The cause too bonkers for even Donald Trump to support

Kim Davis generated headlines by refusing to issue marriage licences to same-sex couples

Kim Davis, with Republic presidential candidate Mike Huckabee and  attorney Mathew Staver, in Grayson, Kentucky, this week.  Photograph: Chris Tilley/Reuters

Kim Davis, with Republic presidential candidate Mike Huckabee and attorney Mathew Staver, in Grayson, Kentucky, this week. Photograph: Chris Tilley/Reuters

 

Woolly media liberals who support marriage equality should all agree to ignore the story of Kim Davis. Let us sign a pact to write no columns on the county clerk from Kentucky who generated headlines by refusing to issue marriage licences to same-sex couples. Well, maybe just the one. But, after this, we will promise to remain silent.

It was inevitable from the start that Davis’s supporters would present her as a martyr. Sure enough, the American right has, for the last week, been busily evoking the names of Rosa Parks and Martin Luther King. Mike Huckabee, one of the desperate Republican presidential hopefuls trying to wrest attention from Donald Trump’s crackpot insurgency, may have gone further than that in his statements of support. “Having Kim Davis in federal custody removes all doubt of the criminalisation of Christianity in our country,” he said. Elsewhere Mike compared her to Abraham Lincoln when the president “disregarded the Dred Scott 1857 decision that said black people weren’t fully human”. It has recently been announced that a woman will appear on the redesigned $10 bill. If Davis really is a heroine of Lincolnian proportions then she must be considered a candidate.

Here’s what happened. In June of this year, the supreme court ruled that the right to marry is guaranteed to same-sex couples under the US constitution. Davis was among several county officials throughout three states – all in the south – who refused to issue licences to couples of the same gender. After a great deal of wrangling in various courts, Davis was eventually brought before a court on a charge of contempt. Judge David Bunning had little option but to send her to jail and turn the small-town pantomime into an absurd cause celebre. It hardly needs to be said that Davis, a convert to the Apostolic Church, felt that she was acting on behalf of the Lord God. “I never imagined a day like this would come, where I would be asked to violate a central teaching of Scripture and of Jesus Himself regarding marriage,” she said.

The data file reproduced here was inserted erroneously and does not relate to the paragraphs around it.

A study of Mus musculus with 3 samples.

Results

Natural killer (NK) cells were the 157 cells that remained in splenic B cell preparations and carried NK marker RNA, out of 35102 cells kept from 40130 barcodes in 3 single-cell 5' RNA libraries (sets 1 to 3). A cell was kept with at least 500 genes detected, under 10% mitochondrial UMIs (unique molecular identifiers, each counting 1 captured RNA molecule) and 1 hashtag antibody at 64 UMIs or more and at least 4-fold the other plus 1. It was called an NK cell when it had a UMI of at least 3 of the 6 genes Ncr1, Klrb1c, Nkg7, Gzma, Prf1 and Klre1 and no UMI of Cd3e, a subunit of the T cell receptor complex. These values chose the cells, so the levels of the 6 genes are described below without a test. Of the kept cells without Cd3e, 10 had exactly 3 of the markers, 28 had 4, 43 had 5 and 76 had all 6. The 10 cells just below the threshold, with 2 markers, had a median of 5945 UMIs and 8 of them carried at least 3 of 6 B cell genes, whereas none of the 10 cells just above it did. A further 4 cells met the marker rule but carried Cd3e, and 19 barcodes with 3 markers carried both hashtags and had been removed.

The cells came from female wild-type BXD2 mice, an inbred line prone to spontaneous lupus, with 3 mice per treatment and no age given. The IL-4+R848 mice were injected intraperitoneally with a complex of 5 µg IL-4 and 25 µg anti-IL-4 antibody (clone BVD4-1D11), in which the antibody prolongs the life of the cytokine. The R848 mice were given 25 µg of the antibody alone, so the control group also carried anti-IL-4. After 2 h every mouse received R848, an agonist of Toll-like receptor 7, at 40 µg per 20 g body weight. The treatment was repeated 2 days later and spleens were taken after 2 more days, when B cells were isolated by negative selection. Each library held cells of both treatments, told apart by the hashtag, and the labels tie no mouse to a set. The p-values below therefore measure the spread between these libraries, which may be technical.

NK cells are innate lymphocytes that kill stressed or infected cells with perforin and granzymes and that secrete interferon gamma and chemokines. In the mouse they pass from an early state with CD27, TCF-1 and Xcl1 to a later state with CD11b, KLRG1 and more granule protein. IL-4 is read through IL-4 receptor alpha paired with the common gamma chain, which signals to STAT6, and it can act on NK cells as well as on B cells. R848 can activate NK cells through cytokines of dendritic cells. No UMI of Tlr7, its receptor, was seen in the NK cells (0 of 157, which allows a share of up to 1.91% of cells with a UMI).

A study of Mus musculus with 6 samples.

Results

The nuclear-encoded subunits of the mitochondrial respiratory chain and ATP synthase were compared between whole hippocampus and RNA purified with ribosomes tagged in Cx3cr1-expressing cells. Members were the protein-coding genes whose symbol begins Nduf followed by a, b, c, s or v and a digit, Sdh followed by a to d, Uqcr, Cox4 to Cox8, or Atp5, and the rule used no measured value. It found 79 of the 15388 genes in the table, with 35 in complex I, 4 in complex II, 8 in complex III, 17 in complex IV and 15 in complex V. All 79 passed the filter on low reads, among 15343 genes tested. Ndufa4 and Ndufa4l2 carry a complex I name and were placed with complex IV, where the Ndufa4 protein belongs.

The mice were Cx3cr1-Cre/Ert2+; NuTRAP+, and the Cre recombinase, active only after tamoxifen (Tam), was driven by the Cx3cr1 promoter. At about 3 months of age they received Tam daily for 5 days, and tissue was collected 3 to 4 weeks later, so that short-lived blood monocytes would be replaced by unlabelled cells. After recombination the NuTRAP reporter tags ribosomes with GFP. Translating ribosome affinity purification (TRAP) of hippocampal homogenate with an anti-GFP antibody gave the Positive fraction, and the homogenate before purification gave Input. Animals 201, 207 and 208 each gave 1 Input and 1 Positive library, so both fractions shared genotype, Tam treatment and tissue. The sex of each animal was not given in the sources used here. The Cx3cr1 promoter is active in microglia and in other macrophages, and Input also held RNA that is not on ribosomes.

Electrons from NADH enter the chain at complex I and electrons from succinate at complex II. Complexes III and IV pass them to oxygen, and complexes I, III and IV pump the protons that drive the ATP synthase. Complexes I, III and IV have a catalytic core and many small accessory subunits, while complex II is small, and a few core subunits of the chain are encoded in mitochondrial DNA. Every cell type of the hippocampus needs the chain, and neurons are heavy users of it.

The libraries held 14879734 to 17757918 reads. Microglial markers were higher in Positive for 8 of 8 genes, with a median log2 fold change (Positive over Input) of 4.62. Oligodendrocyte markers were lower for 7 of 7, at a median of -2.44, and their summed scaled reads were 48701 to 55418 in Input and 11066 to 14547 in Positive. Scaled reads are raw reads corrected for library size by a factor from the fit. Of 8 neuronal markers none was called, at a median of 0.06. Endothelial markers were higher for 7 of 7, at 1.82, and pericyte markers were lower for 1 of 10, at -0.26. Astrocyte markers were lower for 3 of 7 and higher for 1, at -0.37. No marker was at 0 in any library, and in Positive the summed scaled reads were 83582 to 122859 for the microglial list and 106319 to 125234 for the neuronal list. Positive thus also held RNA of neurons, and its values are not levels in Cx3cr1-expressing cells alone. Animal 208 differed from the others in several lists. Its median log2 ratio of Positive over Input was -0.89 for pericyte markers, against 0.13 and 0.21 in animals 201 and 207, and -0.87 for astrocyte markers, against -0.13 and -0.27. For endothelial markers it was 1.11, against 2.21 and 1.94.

Despite Davis being a declared Democrat, the various bearded ladies, snake people and human skeletons of the travelling Republican Freak Show were quickly all over her like flies on (oh, let’s be nice here) warm honey. Ted Cruz described the incarceration as “judicial tyranny”. Rand Paul, from the libertarian wing, said it was “absurd to put someone in jail for exercising their religious liberty”. Governor Bobby Jindal offered support.

In contrast, Chris Christie, Lindsey Graham and Donald Trump took the radical view that Davis was obligated to carry out the duties for which she was paid. Praise where praise is due. Trump sounded uncharacteristically sane and reasonable when asked about the case. “We are a country of laws, and we have to do what the supreme court [decides], whether you like the decision or not,” he said.

Allow that to sink in. Davis’s cause is too bonkers for even Trump to get behind.

Rosa Parks and Martin Luther King were indeed arrested for acts of moral defiance, but, as Van Jones pointed out recently on the CNN website, they were defying local laws that often contravened the protections of US supreme court decisions. A better comparison would be with the arch-segregationist governor George Wallace, who, when governor of Alabama, blocked the front door of the University of Alabama in an attempt to stop the admittance of two black students. “Just like Kim Davis, Wallace was trying to use his local powers to defy the courts,” Jones writes.

There is another distinction between Davis’s stance and those of Parks, King and Lincoln. It is true the last three were Christians. It is equally true each would have believed that scripture supported their campaigns. But those causes were not driven solely by the doctrines of religion. Jews, Muslims and atheists all marched in support of civil rights. No rational secular humanist could have opposed the emancipation of the slaves.

Davis has made it clear this case is about her beliefs as a Christian. Her only argument against the rightness of same-sex marriage is that it defies biblical teaching. Who cares? Obviously, out of politeness, we should all strive to avoid offending anyone’s religious sensibilities. Ensure dietary restrictions are catered for. Avoid language that needlessly aggravates the faithful. But religious belief should be no more of a defence against law enforcement than any other personal zealotry. Your Catholicism or your Islamic faith should, in such a case, be of as much relevance as your enthusiasm for Star Wars or your passion for West Bromwich Albion.

Now let’s speak no more about Kim Davis.